Three Billboards Outside Ebbing, Missouri‘ is positioning itself as the main favorite of the Academy Awards season, and if it will win some of the statuettes in the major categories it will be by merit. It is quite interesting that an Irish – British director succeeded to make such a sharp film about the territory that we know so little especially out of the US – the deep America, the one far of the glamour of the big cities or the sparks of high-tech. We should not be amazed however, as  is a very special kind of artist, a playwright of great talent who has gradually broadened the scope of his plays from the Irish history and political present to British realities, and later to more broader human topics. As a film director he started with a short film set in Ireland that won an Academy Award in 2006, while his next two feature films are set in Europe (In Bruges) and Hollywood (Seven Psychopaths). The story in ‘Three Billboards Outside Ebbing, Missouri‘ takes place in the heart of America, I would almost say to the bleeding heart of the country, as the small city in Missouri can be seen as a micro-model of the complex realities of the US, with its prejudice and violence, but also with the humanity and power to heal of its people. The quality of the film making places it somewhere in-between or in the same league as the films of the Coen brothers and of Tarantino.





Mildred ( ) is a hard working woman, divorced and living from a gift shop in a place not many tourists come to visit. When her teen-aged daughter is attacked, raped and killed she feels guilt at the thoughts that she could have prevented her death and anger at what seems to be foot-dragging from the local police force led by sheriff Willoughby (). She turns her anger into action by posting bug announces on advertising billboards on a side road, but in short time her actions will put her in conflict with the rest of the community.

There are many levels that the development of this story can be understood. People like Mildred (and not only her) are angry, and anger needs to be channeled into action. Does this action need to be violent? Does violence ever pay? Maybe this is one of the roots of the higher level of conflict and polarization that we detect when we observe the American society in general and small communities like the one described in the movie in particular. Then, in true life, nobody is a perfect saint and nobody is pure evil either. The sheriff is terminally sick which makes the whole community to side with him in his conflict with Mildred, and maybe his inaction is only apparent, maybe there are crimes which cannot be really solved but by chance. Life is not as presented in the ‘CSI’ TV series (although a CSI element does appear in the story!). Mildred’s actions seem all justified but do they have the effect that she desires, do they bring peace of mind, and especially do they bring closer the solution of the crime that took her daughter away? Can redemption be achieved by taking the law in your own hands or by punishing the committer of another crime?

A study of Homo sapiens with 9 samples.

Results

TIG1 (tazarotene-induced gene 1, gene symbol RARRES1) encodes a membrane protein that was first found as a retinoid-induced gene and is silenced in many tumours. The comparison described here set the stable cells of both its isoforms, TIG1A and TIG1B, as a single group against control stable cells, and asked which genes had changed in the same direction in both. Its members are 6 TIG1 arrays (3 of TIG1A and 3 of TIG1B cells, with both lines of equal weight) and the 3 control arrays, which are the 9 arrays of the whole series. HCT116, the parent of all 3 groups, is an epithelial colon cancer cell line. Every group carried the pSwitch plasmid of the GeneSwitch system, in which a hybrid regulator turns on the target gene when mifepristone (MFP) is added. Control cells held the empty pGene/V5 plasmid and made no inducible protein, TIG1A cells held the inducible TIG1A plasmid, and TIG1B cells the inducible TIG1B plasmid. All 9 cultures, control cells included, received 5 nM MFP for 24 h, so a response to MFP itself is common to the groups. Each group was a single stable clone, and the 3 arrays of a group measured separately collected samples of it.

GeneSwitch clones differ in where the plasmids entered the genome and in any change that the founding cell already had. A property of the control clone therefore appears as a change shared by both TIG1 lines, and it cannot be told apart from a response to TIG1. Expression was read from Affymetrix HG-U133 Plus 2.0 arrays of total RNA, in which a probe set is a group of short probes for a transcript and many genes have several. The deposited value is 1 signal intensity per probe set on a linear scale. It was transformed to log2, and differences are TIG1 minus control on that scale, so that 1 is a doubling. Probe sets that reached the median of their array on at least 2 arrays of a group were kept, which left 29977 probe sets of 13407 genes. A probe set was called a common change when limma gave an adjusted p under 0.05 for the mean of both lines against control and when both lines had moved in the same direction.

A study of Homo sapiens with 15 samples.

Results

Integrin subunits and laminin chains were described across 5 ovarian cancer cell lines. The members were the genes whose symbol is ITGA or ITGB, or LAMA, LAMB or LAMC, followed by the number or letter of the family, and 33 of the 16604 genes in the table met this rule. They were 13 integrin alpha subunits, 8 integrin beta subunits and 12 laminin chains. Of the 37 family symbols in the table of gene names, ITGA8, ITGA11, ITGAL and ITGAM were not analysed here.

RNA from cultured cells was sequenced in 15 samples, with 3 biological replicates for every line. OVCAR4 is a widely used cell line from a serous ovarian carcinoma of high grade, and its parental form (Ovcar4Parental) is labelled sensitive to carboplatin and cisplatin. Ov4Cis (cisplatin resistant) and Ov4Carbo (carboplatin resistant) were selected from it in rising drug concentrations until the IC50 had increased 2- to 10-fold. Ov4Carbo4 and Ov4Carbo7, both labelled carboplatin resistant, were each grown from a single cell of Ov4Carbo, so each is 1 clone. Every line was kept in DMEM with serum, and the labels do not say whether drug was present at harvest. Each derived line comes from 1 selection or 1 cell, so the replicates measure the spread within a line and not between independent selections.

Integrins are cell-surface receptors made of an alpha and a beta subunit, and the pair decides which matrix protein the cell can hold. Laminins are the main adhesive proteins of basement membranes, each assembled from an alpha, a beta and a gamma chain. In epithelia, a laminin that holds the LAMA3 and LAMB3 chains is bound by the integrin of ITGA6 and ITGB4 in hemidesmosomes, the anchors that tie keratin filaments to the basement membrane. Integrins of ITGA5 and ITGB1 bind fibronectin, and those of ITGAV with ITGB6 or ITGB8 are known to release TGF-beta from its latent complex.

(video source FoxSearchligh)


The script succeeds to bring to surface the characters and the environment they live in. Acting is superb. makes us forget all those discussions about the lack of strong feminine lead roles in Hollywood and she may be on her way to a deserved second Academy Award. He words, her looks, her silences are just to the mark. I liked her performance here more that ‘s one in ‘The Post‘. provides another strong performance, but the real great surprise is whose nuanced interpretation of the role of Dixon (the sheriff’s aid) was complex and subtle and succeeded to overcome one of the few weak points of the script, the change of perspective of his character.

Three Billboards Outside Ebbing, Missouri‘ is the best thing that I have seen until now in this pre-Academy Awards season. It makes the viewers immerse in the reality of the place it describes, it makes them think about the humanity that exists in each of us, about the need to act and the need to find peace of soul, about justice and vengeance and the difference between the two concepts. As with many good films its story and characters continue to be with us long time after the screening ends.